If the market's seemed more volatile than usual these days, nervous investors have good reasons for their jitters. Many have begun to wonder whether the market's steady rise over the past year was nothing more than a sucker's rally. And if reality does come crashing in, no one wants to be left holding the bag.

Don't be a sucker
During the past year's run-up, shares of low-quality, underperforming companies soared as traders pursued short-term bets. I still can't understand why anyone would want to invest in ward -of-the-state AIG (NYSE: AIG) or beleaguered CIT Group (NYSE: CIT).

Let's not forget Blockbuster (NYSE: BBI), which faces intense competitive challenges, and recently had its credit downgraded to a "distressed" rating. Borders Group (NYSE: BGP) also faces massive competition, just lost its newest CEO, reported horrible holiday sales numbers, and owes a major debt payment in April. Borders is way up over the past year, while Blockbuster has plunged, but both companies' volatile performance suggests they've caught the eye of speculative investors.

Rolling the dice on shaky stocks like these makes particularly lousy sense in tough times.

Unemployment remains at a historic high; UPS (NYSE: UPS) and Humana (NYSE: HUM) both recently joined the ranks of companies announcing layoffs. Both residential and commercial real estate remain deeply troubled. And beyond our shores, doubts about the financial stability of Greece and other European countries could spread to affect the entire global economy. These troubles aren't going anywhere, which will make it more difficult for lower-quality companies to survive, much less thrive.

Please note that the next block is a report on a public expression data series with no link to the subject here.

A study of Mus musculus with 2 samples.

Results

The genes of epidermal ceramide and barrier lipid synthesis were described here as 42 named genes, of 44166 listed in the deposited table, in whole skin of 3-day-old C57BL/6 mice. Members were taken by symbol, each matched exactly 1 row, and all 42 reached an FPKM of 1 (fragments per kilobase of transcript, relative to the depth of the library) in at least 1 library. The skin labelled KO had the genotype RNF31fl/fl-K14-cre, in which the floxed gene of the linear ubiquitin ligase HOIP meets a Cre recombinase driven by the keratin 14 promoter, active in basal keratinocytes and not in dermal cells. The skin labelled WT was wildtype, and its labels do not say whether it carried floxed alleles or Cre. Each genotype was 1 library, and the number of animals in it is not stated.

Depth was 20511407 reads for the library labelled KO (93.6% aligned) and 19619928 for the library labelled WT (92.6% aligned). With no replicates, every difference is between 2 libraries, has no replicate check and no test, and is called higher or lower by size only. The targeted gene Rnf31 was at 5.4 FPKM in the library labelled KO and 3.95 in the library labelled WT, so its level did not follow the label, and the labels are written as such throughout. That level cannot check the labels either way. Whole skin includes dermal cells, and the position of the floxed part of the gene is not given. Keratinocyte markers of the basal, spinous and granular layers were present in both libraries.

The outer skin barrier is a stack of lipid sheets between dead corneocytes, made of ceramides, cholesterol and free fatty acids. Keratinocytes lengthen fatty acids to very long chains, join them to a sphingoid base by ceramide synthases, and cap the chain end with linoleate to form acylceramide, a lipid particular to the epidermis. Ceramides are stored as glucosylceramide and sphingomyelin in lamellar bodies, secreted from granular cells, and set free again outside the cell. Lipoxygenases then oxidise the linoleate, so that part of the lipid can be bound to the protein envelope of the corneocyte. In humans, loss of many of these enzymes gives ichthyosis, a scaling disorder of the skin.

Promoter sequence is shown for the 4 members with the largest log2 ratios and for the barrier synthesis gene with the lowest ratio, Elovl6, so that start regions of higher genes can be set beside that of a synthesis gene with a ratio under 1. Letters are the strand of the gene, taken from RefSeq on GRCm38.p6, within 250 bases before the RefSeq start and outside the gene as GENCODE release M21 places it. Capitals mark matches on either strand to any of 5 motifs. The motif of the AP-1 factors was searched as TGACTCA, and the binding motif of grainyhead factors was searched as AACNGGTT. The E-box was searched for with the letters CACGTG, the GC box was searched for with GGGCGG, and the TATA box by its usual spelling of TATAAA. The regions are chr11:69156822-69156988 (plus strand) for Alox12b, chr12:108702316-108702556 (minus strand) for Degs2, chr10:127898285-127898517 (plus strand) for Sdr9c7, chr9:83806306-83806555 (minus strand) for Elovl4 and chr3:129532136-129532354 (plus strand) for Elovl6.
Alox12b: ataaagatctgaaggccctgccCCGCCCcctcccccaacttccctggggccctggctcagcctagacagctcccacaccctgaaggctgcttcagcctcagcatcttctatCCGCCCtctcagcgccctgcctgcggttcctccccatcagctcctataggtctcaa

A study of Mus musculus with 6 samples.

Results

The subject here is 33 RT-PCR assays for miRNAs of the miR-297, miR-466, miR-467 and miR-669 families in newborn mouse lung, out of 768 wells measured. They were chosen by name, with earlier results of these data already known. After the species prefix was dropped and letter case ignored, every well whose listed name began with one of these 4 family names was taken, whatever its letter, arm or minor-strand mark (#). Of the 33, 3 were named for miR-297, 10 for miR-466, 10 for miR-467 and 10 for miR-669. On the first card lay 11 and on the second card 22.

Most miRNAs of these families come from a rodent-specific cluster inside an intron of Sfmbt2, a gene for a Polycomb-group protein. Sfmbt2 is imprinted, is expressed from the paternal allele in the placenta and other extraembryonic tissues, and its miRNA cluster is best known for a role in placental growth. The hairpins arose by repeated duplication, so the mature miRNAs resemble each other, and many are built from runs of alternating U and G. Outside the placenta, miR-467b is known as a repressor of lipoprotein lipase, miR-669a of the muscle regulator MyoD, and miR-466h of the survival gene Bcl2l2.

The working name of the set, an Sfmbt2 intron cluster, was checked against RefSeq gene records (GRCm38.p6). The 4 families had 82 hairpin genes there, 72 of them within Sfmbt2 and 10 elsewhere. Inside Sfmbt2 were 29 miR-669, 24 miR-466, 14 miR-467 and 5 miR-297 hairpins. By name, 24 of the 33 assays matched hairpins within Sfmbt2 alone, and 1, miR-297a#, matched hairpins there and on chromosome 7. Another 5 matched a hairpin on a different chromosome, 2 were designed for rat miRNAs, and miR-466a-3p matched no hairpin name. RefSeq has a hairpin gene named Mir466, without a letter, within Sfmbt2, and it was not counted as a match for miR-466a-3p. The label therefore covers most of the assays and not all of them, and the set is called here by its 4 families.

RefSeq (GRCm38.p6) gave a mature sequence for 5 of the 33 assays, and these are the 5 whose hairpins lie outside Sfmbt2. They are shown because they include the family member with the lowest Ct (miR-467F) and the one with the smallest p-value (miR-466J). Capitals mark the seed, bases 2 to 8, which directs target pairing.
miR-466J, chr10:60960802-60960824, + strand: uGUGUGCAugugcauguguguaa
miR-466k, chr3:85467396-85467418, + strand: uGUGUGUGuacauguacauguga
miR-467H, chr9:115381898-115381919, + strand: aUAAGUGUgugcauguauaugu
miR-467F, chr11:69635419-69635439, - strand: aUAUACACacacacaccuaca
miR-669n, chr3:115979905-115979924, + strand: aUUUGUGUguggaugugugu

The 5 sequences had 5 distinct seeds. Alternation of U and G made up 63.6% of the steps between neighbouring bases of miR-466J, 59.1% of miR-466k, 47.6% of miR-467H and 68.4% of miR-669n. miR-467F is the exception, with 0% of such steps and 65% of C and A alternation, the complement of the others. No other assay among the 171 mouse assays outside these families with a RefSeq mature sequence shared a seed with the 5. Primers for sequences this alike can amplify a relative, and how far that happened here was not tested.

In this chilly, precarious climate, investors pouring their money into supposedly "cheap" stocks of weak companies might be left high and dry.

Be a real investor
Real investors don't gamble on the short-term, nonsensical gains that defined a lot of stocks' upward trajectories in 2009. Instead, they search for high-quality companies with dazzling brands, loyal customers, strong competitive moats, rock-solid balance sheets, and prudent, intelligent management teams. Those assets are the best defenses in difficult times.

Moreover, these truly promising companies stand a better chance at producing excellent returns over the long haul, even as weaker rivals fall by the wayside.

David and Tom Gardner and the Motley Fool Stock Advisor team are on a long-term quest for the best and brightest companies for real investors. Amazon.com (Nasdaq: AMZN) is a fine example of the kind of solid business Stock Advisor seeks to recommend. The e-tail giant has a killer competitive sense, tons of loyal customers, an innovative CEO/founder, amazing growth, and a bulletproof balance sheet. Stock Advisor members who've held Amazon.com since David Gardner recommended it in August 2002 have enjoyed a 748% return.

Click here to take a 30-day free trial to Stock Advisor. You'll learn more about the newsletter's long-term investment philosophy -- a solid and defensive approach, whether we've experienced a sucker's rally or not. You also have access to the entire Stock Advisor scorecard, the newest recommendations, and recent updates on the best stocks for right now among the entirety of the service's picks.

Join the ranks of real investors by investing for the long term in the strongest companies. When economic reality hits, bringing many weaker companies' stocks back down to earth, it'll be a sad day for the suckers.

Alyce Lomax does not own shares of any of the companies mentioned. Amazon.com is a Motley Fool Stock Advisor selection. United Parcel Service is a Motley Fool Income Investor recommendation. The Fool has a disclosure policy.